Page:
How Immigrants Live in America: A Census Portrait
Policy + Politics

How Immigrants Live in America: A Census Portrait


The Census Bureau last week provided a statistical glimpse into the lives of immigrants in the U.S. In a report based on data from the 2010 American Community Survey, the bureau illustrated how the foreign-born population – including naturalized citizens, legal residents, and both documented and undocumented migrants – has climbed over the last four decades and now totals the highest portion of the population since the 1920s.

Even as an increasing number of immigrants are now choosing to return home, the U.S in 2010 was home to 40 million foreign-born residents – the most ever. That includes 17.5 million naturalized citizens and 22.5 million noncitizens. The 40 million is up from 31.1 million in 2000 and dramatically higher than the 9.6 million foreign-born people living in the country in 1970.

The Census Bureau says that more than half of that immigrant population has come to the U.S. since 1990, with about a third entering the country since 2000. “If you look at the pattern of increase over the decade, most of the increase occurred really between 2000 and 2006, and the growth of the foreign-born population slowed in the latter half of the decade,” Elizabeth Grieco, head of the Census Bureau's Foreign-Born Population Branch, told reporters during a presentation last week.

RELATED: U.S.-Educated Immigrants Return to Their Homelands

The influx has helped push the share of the population that was born outside the U.S. to its highest level since 1920, and close to where it was a century ago, when the great migration wave of the late 1800s and early 1900s made immigrants close to 15 percent of the U.S. population. Immigrants made up almost 13 percent of the total population in 2010, compared with 11.1 percent in 2000 and 4.7 percent in 1970.

More than half (53 percent) of the foreign-born residents of the U.S. come from Latin America and the Caribbean, including 11.7 million people born in Mexico, who account for 29 percent of the total immigrant population. Another 28 percent of immigrants hail from Asia, and 12 percent from Europe.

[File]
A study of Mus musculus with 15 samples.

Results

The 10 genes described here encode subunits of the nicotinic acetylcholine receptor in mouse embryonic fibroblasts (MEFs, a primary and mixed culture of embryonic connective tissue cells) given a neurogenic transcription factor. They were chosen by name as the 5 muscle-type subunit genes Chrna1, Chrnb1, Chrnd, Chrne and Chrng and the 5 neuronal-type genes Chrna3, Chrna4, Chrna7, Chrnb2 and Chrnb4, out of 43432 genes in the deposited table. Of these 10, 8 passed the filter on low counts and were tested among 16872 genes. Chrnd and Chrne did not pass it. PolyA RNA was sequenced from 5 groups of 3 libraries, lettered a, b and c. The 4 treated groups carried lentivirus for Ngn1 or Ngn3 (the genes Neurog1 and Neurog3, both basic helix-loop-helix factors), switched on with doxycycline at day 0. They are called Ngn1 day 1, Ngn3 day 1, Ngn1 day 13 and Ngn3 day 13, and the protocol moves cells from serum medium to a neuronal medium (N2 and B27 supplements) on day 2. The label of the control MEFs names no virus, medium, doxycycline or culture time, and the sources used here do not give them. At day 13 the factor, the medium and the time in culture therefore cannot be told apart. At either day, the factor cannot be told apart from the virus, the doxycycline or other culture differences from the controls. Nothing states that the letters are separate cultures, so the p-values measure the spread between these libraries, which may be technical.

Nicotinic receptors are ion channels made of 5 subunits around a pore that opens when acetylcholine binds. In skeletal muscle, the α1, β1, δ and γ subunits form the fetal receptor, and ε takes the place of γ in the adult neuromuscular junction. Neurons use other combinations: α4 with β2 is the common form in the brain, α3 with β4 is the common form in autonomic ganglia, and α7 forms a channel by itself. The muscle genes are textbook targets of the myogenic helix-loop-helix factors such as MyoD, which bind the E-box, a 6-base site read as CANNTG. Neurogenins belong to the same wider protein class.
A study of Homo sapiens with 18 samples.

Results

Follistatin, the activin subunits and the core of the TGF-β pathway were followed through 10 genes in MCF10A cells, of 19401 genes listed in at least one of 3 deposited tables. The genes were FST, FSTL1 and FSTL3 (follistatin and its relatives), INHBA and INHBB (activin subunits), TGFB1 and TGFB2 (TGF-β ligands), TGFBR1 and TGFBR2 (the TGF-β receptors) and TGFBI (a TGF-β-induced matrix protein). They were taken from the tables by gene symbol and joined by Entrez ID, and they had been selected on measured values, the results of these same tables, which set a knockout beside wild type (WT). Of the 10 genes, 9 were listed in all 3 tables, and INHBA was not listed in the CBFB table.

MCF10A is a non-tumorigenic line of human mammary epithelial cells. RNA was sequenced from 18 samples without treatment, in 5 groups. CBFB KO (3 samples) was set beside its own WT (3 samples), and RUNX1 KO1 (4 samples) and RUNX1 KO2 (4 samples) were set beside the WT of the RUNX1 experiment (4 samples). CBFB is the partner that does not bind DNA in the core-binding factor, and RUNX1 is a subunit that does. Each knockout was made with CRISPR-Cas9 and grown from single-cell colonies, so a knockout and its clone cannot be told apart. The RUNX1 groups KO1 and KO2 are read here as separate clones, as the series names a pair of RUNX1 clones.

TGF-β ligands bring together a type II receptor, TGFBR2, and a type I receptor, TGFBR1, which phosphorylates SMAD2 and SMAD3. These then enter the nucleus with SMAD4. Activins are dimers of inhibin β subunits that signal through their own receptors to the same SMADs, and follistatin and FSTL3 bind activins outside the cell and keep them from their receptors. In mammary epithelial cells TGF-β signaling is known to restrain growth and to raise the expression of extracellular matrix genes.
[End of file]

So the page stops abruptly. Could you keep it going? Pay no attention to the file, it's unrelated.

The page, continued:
The immigrant population in the U.S. is also concentrated in a handful of “gateway” states. California, New York, Texas and Florida were home to more than half of the country’s immigrant population in 2010. A quarter all immigrants in the U.S. live in California -- and those immigrants make up 27 percent of the state’s population. About one in nine immigrants in the U.S. live in New York, with another 10 percent in Texas and 9 percent in Florida.


The Census report also breaks down some of the differences between today’s immigrant population and native-born citizens. Foreign-born households, for example, are larger on average than households of native citizens, have more children under the age of 18, and are more likely to have several generations under one roof. Immigrants are more likely to be married (58 percent of those 15 and older vs. 47 percent for born in the U.S.) and have a higher fertility rate (with 70 births per 1,000 women, compared with 52 births per U.S.-born women). And the foreign-born population, on the whole, tends to be less educated, with 68 percent having a high-school degree or higher level of schooling compared to 89 percent of the population born in the U.S.

While immigrants are active in the labor force – 68 percent of those 16 or older were working, compared with 64 percent of those born in the U.S. –  they still face an overall financial gap compared with native citizens. Foreign-born households have a lower median income than native-born households: $46,224, compared with $50,541. About 19 percent of the foreign-born residents were living below the poverty line, compared with 15 percent of the native population. And 66 percent of the foreign-born population had health insurance, compared with 87 percent of the native-born population.